Regular expression to match 7-12 digits; may contain space or hyphen

However, i'm not understanding the regex well.


what does the ":" mean here?

How is this regex able to exclude the hypens and spaces from the 6 to 11 characters?

Help help is highly appreciated


3 Answers 3

up vote 2 down vote accepted

Have you tried a testing engine like regexpal (there are others available also) I frequently use this to test various strings against expressions to make sure they are behaving as expected.

My understanding is that in this case the : is not acting alone it is acting in conjunction with the ?

The ? in this circumstance does not mean Preceding zero or one times it is a modifier meaning give this group a new meaning which in conjunction with the modifier : turn off capture means you want this to be a non capturing group expression.

The effect that this has is that when placing part of an expression inside () it by default causes capture but ?: switches this off.

Thus (?:[-\s]?\d) becomes a non capturing group expression.

Note captured groups are used with back references and most regex engines support up to 9 back references.

So removing capture speeds up the matching process and allows you to elect not to refer back to that group saving one of your 9 references for a group that you really do want to refer back to.

@vaanipala No the group is still applied in the matching process. But you are unable to back reference that group. –  codepuppy Oct 3 '12 at 12:55

The : is part of the (?: ... ) - which means "non-capturing group" - it groups content but does not create a backreference to it (i.e. $1, $2, etc) like normal grouping does.

In that regex it will match from 6 up to 11 characters, including the heiphens and spaces - it meaning something like 12-------34 would match. I suggest using a more strict pattern:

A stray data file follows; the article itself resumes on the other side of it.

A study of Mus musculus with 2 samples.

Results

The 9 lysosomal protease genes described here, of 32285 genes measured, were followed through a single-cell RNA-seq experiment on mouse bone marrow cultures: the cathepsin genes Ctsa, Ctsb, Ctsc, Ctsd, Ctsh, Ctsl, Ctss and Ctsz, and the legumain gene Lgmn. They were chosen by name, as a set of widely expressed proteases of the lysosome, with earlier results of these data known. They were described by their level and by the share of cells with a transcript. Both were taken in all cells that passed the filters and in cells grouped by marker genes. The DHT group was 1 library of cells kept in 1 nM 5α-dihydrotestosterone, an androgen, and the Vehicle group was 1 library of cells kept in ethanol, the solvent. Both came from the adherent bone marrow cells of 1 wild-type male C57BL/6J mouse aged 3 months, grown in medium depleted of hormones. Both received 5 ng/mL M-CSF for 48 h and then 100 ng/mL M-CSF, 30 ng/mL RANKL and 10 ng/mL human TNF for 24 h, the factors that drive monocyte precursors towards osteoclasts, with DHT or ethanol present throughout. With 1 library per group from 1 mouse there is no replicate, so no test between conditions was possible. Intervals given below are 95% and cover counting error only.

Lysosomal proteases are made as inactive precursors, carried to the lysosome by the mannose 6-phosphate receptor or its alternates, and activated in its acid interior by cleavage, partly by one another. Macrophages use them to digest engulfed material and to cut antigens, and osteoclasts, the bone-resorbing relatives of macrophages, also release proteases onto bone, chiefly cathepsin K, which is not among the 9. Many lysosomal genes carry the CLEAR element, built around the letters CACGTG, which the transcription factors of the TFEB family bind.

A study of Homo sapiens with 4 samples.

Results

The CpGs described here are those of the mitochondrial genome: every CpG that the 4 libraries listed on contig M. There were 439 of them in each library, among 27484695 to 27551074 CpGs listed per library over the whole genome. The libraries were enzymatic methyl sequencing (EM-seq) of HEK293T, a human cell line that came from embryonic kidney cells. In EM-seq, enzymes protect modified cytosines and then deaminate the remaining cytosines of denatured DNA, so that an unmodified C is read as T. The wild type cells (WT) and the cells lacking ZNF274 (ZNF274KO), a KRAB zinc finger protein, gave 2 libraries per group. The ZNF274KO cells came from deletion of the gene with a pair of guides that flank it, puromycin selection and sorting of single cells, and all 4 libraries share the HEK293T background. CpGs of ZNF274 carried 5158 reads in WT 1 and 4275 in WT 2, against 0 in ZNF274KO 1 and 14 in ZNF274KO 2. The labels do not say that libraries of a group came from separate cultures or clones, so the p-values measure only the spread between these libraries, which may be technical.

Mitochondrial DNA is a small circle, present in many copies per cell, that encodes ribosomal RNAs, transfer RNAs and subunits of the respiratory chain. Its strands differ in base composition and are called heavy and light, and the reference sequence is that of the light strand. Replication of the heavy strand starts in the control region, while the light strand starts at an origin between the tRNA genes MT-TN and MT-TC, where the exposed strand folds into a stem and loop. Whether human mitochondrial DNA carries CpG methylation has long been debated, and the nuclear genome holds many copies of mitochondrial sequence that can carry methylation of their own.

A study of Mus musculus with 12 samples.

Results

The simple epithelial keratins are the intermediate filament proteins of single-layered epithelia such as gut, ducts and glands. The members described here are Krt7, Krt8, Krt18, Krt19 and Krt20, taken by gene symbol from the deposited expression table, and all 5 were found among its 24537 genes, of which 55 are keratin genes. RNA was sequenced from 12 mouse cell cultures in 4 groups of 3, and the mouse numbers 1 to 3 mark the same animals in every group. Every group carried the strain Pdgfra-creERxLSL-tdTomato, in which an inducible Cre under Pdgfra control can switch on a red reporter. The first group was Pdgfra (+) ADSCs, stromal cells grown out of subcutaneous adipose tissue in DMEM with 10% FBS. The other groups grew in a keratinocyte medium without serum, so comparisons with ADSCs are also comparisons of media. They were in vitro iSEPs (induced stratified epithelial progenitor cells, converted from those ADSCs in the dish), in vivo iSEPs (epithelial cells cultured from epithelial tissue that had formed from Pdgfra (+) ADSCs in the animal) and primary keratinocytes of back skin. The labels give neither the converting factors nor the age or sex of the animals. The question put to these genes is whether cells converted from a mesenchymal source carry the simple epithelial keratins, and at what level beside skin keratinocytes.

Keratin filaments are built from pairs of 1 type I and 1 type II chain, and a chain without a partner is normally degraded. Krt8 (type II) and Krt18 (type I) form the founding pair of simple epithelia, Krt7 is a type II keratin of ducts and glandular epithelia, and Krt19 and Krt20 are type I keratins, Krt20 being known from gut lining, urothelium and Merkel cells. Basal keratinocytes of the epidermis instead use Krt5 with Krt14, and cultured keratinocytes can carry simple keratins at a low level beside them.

This will only match the digits. To allow for heiphens and spaces with this match, but only get the number you want, you can use it like this:

$pattern = '/^\d{7,12}$/';
$string = '123-456 789';
$ignoreCharacters = array(' ', '-');

preg_match($pattern, str_replace($ignoreCharacters, $string);
You use brackets to capture matches and place them in to "callbacks" - $1, $1, etc. If you want to use brackets without putting them in to callbacks you use (?: ) instead - it groups the same, just doesn't put the reference in to $1, $2, $3 etc :) –  LeonardChallis Oct 3 '12 at 14:10
Can you tell me what is the purpose of backreference and non-capturing group? This seems to be advanced regex for me. I'm clueless. I only understand simple regex. Please help. Thank you. –  vaanipala Oct 4 '12 at 4:53
I found this great link regular-expressions.info/brackets.html that i'm reading up now. I will let u know if I have doubt. –  vaanipala Oct 4 '12 at 4:59
If you want to apply repetition to a group of rules - i.e to optionally (zero or one times) match a string "Hello" with any number of digits after it, you could first write the regex to match the string: Hello\d+, then wrap it in a group so you can add the zero or one repetition ? character: (Hello\d+)?. If you didn't have the brackets, it would only apply the ? on the \d+ before it, not the whole thing, so you use the brackets to group the content. Grouping with ( .. ) creates a callback (in our case, $1), but if we didn't want to create that $1 backreference we can use (?: ) –  LeonardChallis Oct 4 '12 at 7:16

It's understandable how that can be confusing. The (?: ... ) actually denotes a "non-capturing group," as opposed to the ( ... ), which is a "capturing group". If you're only testing strings against regexes, not capturing substrings, then the two are effectively the same for your purposes.

It doesn't help that there also exist (?= ... ), (?! ... ), (?<= ... ), (?<! ... ), and (?<foo> ... ), which all mean different things, too.

A lot to learn, but rewarding for sure!